Keeping your vehicle fueled up is expensive. Maximizing the miles you get per gallon of fuel saves money and helps the environment, too.
But knowing if you're getting good mileage requires some data analysis, which gives us a good opportunity to apply one of the common tools used in Six Sigma -- the I-MR (individuals and moving range) control chart to daily life.
Finding Trends or Unusual Variation
Looking at your vehicle’s MPG data lets you see if your mileage is holding steady, declining, or rising over time. This data can also reveal unusual variation that might indicate a problem you need to fix.
Here's a simulated data set that collects 3 years’ worth of gas mileage records for a car that should get an average of 20 miles per gallon, according to the manufacturer’s estimates. However, the owner didn’t do any vehicle maintenance for the first two years he owned the car. This year, though, he’s diligently performed recommended maintenance.
How does his mileage measure up? And has his attention to maintenance in the past 12 months affected his car’s fuel economy? Let’s find out with the Assistant in Minitab Statistical Software.
Creating a Control Chart that Accounts for Process Changes
To create the most meaningful chart, we need to recall that a major change in how the vehicle is handled took place during the time the data were collected. The owner bought the car three years ago, but he’s only done the recommended maintenance in the last year.
Since the data were collected both before and after this change, we want to account for it in the analysis.
The easiest way to handle this is to choose Assistant > Before/After Control Charts… to create a chart that makes it easy to see how the change affected both the mean and variance in the process.
If you're following along with Minitab, the Maint column in the worksheet notes which MPG measurements were taken before and after DeWaggen started paying attention to maintenance. Complete the Before/After I-MR Chart dialog box as shown below:
Interpreting the Results of Your Data Analysis
After you press OK, the Assistant produces a Diagnostic Report with detailed information about the analysis, as well as a Report Card, which provides guidance on how to interpret the results and flags potential problems. In this case, there are no concerns with the process mean and variation.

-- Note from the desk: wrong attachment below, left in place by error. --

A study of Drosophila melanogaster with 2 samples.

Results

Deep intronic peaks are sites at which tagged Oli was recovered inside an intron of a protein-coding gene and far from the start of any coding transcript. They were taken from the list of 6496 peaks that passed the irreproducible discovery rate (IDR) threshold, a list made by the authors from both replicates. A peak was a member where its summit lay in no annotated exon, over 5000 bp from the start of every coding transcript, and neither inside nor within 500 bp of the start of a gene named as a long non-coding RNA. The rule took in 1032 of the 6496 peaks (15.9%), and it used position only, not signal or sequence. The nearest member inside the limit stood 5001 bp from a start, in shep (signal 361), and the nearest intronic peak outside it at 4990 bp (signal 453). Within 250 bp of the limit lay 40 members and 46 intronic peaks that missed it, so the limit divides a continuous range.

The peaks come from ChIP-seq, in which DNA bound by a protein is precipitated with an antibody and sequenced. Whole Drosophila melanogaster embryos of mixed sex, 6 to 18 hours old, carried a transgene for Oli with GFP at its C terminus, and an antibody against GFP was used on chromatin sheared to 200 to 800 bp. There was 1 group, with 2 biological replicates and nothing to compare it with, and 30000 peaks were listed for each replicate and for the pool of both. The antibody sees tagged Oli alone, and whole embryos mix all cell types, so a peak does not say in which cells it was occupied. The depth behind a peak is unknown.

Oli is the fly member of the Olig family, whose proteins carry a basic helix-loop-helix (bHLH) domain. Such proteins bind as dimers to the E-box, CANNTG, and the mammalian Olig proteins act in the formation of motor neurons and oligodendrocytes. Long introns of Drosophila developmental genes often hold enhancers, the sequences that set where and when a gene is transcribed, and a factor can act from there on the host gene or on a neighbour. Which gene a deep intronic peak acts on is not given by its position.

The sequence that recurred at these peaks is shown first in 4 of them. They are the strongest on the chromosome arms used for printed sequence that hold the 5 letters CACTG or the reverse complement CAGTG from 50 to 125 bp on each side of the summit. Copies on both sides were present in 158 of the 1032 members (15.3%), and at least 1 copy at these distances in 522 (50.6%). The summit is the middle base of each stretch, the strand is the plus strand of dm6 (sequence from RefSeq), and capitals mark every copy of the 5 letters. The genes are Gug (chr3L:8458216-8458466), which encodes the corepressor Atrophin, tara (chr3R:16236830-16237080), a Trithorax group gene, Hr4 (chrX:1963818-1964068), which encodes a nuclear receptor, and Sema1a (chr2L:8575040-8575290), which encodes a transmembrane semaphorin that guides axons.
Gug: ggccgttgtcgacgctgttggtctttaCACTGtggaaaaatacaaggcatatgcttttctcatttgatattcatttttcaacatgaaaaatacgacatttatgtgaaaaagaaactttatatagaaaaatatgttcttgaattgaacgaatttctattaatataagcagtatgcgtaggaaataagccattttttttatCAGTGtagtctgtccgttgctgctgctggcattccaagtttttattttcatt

The Assistant's Summary Report gives you the bottom-line results of the analysis.
The Moving Range chart, shown in the lower portion of the graph, illustrates the moving range of the data. It shows that while the upper and lower control limits have shifted, the difference in variation before and after the change is not statistically significant.
However, the car’s mean mileage, which is shown in the Individual Value chart displayed at the top of the graph, has seen a statistically significant change, moving from 19.12 MPG to just under 21 MPG.
Easy Creation of Control Charts
Control charts have been used in statistical process control for decades, and are among the most commonly accessed tools available in statistical software packages. The Assistant has made it particularly easy for anyone to create and see whether or not a process is within control limits, to confirm that observation statistically, and to see whether or not a change in the process results in a change in the process outcome or variation.
As for the data we used in this example, whether or not a 2 mile-per-gallon increase in fuel economy is practically as well as statistically significant could be debated. But since the price of fuel rarely falls, we recommend that the owner of this vehicle continue to keep it tuned up!